Police have identified a new, lone person of interest as they continue their renewed search for missing boy William Tyrrell.
Officers spent much of Tuesday digging in the garden below an upper-storey balcony at the former home of William’s foster grandmother in Kendall, on the NSW mid-north coast.
A cadaver dog, used to detect human remains, has been scouring the property while police also brought in a mechanical sifter for the dirt.
Three-year-old William has not been seen since he vanished from the property while playing with his five-year-old sister in September 2014. There were multiple media reports on Tuesday that police were focusing on a theory that the boy might have fatally fallen from the balcony of the Kendall home.
On Monday, NSW Police announced a new “high intensity” search for William’s remains, after new evidence emerged in the case.
Hundreds of officers are being assisted in the search by SES volunteers and the NSW Rural Fire Service.
On Tuesday, NSW Police Commissioner Mick Fuller said there was “one person in particular” detectives were focusing on as their investigations into the little boy’s disappearance continued.
“These officers have been working tirelessly to get to this point today,” he told Nine Radio.
Mr Fuller said he was certain police would solve the case, despite it being seven years since William was last seen.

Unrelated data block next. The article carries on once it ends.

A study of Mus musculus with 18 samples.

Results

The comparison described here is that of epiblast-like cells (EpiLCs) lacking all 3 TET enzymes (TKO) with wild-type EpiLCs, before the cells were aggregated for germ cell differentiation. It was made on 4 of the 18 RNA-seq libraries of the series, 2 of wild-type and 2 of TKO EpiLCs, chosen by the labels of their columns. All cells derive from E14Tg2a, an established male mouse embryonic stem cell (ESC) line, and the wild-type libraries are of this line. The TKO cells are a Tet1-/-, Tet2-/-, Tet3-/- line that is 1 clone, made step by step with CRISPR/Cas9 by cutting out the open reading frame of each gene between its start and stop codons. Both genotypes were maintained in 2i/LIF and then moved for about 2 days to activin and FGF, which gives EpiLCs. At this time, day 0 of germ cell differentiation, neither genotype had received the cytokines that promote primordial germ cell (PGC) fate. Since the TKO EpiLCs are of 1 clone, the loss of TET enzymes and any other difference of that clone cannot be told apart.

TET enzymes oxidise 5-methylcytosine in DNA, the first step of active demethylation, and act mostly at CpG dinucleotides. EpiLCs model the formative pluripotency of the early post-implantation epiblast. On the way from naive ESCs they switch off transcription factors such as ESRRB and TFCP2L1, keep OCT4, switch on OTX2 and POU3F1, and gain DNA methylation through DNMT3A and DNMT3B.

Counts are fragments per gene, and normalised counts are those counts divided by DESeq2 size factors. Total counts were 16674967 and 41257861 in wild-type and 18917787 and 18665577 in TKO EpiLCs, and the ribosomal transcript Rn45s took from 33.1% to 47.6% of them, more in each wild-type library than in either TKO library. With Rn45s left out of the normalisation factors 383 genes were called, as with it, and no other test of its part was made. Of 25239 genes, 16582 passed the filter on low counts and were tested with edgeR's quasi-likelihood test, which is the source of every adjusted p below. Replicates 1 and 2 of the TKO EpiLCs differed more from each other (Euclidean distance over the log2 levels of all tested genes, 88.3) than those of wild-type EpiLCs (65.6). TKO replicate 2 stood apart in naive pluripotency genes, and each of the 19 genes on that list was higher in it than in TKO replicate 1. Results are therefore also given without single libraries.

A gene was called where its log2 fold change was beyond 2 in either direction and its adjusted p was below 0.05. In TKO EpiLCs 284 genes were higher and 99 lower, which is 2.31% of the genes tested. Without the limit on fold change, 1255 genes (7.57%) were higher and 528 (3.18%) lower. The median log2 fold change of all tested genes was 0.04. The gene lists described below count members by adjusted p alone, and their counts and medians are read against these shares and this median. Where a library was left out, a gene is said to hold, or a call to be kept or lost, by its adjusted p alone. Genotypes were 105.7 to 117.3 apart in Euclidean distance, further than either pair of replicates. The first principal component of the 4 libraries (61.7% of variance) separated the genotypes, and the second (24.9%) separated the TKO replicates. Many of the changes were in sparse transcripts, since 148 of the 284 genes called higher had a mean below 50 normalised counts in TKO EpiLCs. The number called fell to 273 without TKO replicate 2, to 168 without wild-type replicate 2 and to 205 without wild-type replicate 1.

“There’s one person in particular we’re looking at,” he said.
“I am confident that the team that has the investigation now can solve it.
“I truly believe that and I have from the start.”
He said he didn’t want to say too much for fear of compromising the investigation.
“Officers have been working tirelessly to get to this point where we are searching land, again using the best technology available,” he said.
“They inherited what was a bit of a mess and have really cleaned up that investigation and they have a clear strategy and one of those is going back to Kendall.”
Police Minister David Elliott said the “inherited mess” would probably be subject to an internal police review, but the focus should be “on drawing this matter to a conclusion”.
The commissioner and the taskforce had the government’s full support, he said.
There are also numerous reports that police have sought apprehended violence orders against a person or persons of interest in the case, but they have refused to comment publicly.
But Mr Elliott would say only that it was “a matter of public record that police are issuing AVOs”.
“We need to be cautious about how we discuss that in the public domain so smart lawyers don’t use our comments to neutralise a conviction,” he told the Seven Network.
William’s foster family have never been publicly named due to legal reasons.
Asked if there was a police theory that the boy might have fallen from the balcony of the Kendall house, Mr Elliott said “every single option has to be investigated”.
This week’s renewed searches came after developments in the investigation, he said.
“There are a number of people who have been providing intelligence and working with the police,” he said.